When invasive plants produce some great ideas!

The proliferation of water hyacinth is a real problem in Burkina Faso. Mariama Mamane, the founder of Jacigreen, decided to make it a development opportunity by turning this invasive plant into fertilizer and an energy source.

Mariama Mamane, an environmental engineer, founded the company Jacigreen in 2016, at the Institut International d'Ingénierie de l'Eau et de l'Environnement (2iE Institute) in Ouagadougou, the capital of Burkina Faso. The young woman's idea? Collect water hyacinth to make natural fertilizer with biogas as the by-product.

Water hyacinth is one of the most invasive species in the world. In Africa, this exceptionally fast-growing aquatic plant is threatening biodiversity by choking rivers, streams and lakes.Mariama Mamane's invention consists of recovering water hyacinth plants and putting them through a digester to turn them into fertilizer via an anaerobic fermentation process. Called JaciGrow, this nutrient-rich organic fertilizer will help small-scale farmers to increase production.

Biogas from the anaerobic digestion process is also recovered and connected to a generator – which then produces electricity for rural households not connected to the grid.    

 

Three goals

Jacigreen has three goals in its sights. Firstly, to rid West African rivers of water hyacinth while making use of an abundant resource. Secondly, to contribute to the development of sustainable agriculture by offering an alternative to the chemical fertilizers that impoverish the land, allowing farmers to improve their yields on small plots. And finally, to tackle the problem of access to electricity by providing a sustainable energy solution for families living in rural or remote areas of Burkina Faso.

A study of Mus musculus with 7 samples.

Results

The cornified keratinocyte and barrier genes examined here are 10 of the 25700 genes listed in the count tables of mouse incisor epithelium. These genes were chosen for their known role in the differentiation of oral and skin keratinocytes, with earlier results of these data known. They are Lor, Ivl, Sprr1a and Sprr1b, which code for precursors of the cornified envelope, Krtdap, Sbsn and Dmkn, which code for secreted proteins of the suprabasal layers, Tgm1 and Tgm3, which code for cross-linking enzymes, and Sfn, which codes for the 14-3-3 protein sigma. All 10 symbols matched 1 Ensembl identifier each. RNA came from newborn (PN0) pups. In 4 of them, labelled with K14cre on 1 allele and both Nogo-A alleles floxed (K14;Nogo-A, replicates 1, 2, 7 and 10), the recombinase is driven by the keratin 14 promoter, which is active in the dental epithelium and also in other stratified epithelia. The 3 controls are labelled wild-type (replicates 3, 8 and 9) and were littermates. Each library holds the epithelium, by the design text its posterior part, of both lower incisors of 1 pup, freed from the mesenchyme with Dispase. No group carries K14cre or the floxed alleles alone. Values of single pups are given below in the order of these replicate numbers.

This great idea, which transforms the problem of water hyacinth into an opportunity for the people of Burkina Faso, earned Mariama Mamane the UN “Young Champions of the Earth” award for Africa in 2017.
 
The award – for young innovators aged 18 to 30 - gave her global visibility and helped finance the development of her prototype. The young woman, now 29, is working with several families and farmers to test her fertilizer and biogas solutions. She hopes to be able to provide more than 1,000 farmers with fertilizer and 500 families with electricity by 2021.